In a detailed statement to the mainstream media on Wednesday, National Development Minister Mah Bow Tan gave three reasons why lowering the prices of new Housing and Development Board (HDB) flats are "not in the interest of Singaporeans and even dangerous".
He had previously dismissed the WP's housing proposals as "irresponsible".
Among the WP's proposals, the party has called for the prices of new HDB flats to be pegged to the median incomes of households that qualify to buy them. Currently, new HDB flat prices are pegged to resale market prices and then discounted.
Minister Mah said that the WP's proposal to price new HDB flats lower than current levels will devalue existing flats as home buyers turn to new flats rather than resale flats.
The WP is also showing it is against the government's asset enhancement policy by blaming upgrading programmes for pushing up housing prices, said the Minister.
"Why is the WP against upgrading programmes, which enhance the value of Singaporeans' homes and enable the people to enjoy the fruits of Singapore's progress? Why does the WP want to push down the value of all existing HDB flats?" he asked.
Minister Mah's final point: The WP's proposal to lower land costs amounts to an illegal raid on Singapore's reserves.
WP chief Low Thia Khiang had previously called for the pricing of land to be lowered for HDB flats, saying it is a matter of internal transfers within the government.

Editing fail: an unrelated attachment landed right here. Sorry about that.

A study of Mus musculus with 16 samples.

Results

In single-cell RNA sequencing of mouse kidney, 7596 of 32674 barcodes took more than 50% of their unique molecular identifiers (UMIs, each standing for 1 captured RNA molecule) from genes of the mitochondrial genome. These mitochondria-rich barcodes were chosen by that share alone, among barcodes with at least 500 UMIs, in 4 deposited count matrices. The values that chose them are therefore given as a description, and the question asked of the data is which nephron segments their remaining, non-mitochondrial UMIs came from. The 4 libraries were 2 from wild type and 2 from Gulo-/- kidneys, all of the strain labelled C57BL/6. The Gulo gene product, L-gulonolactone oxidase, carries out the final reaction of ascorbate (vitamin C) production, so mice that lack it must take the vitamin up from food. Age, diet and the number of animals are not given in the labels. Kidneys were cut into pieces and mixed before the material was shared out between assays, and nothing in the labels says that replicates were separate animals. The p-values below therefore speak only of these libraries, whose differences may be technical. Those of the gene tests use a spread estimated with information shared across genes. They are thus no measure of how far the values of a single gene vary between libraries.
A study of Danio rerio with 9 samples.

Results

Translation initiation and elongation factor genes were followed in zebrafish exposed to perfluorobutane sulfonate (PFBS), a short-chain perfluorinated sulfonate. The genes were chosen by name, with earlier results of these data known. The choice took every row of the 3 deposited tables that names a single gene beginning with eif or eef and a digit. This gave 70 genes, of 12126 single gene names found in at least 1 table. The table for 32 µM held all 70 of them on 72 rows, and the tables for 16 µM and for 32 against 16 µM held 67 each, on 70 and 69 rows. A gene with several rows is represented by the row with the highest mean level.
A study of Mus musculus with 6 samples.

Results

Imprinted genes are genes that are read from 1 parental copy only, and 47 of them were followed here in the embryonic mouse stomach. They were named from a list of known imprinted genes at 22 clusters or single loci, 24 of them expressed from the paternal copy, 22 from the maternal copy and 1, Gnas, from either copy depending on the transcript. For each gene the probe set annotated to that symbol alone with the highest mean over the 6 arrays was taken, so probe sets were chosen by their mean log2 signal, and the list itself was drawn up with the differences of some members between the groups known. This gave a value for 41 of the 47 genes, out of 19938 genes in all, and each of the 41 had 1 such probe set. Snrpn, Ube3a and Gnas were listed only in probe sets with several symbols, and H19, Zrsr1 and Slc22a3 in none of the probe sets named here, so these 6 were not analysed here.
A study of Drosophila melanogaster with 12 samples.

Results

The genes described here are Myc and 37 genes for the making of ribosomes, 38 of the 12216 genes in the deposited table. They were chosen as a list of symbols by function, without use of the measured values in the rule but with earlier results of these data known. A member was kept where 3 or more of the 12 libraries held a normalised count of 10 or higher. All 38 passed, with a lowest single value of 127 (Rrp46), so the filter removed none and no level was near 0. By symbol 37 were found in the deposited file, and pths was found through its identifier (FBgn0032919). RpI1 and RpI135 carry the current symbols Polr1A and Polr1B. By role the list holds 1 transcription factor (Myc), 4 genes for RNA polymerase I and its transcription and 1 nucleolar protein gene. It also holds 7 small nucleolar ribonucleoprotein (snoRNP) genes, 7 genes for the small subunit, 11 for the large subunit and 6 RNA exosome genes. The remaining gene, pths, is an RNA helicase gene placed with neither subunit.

However, Minister Mah explained that state land forms part of the reserves. When the government takes state land for public housing, it has to pay the full value of the land back into the reserves.
This value is determined by the chief valuer based on market conditions and valuation principles, said Minister Mah.
He added that the WP's motive in its call to abolish the elected presidency is "clearly to remove vital constitutional safeguards, so that it can raid the reserves to fund irresponsible spending".
"Is this what the WP means when it offers itself as a 'responsible' alternative to the PAP?"
Minister Mah said, the government "fully understands" Singaporeans' concerns about rising housing prices.
Pointing to the sharp economic recovery, low interest rates and excess liquidity as reasons for the hikes, he said that the government cannot artificially depress prices.
"But we can moderate the increases, by increasing supply and moderating demand," he said.
HDB is building 22,000 build-to-order flats this year -- the most ever -- and prices and transactions volumes have shown signs of stabilising, he said.
Lower-income households get grants of up to $60,000 to buy flats and the income ceilings for new three-room and design-and-build flats has also been raised, he added.
This article is published by Yahoo! Southeast Asia Pte. Ltd., 60 Anson Road #13-01 Mapletree Anson, Singapore, 079914.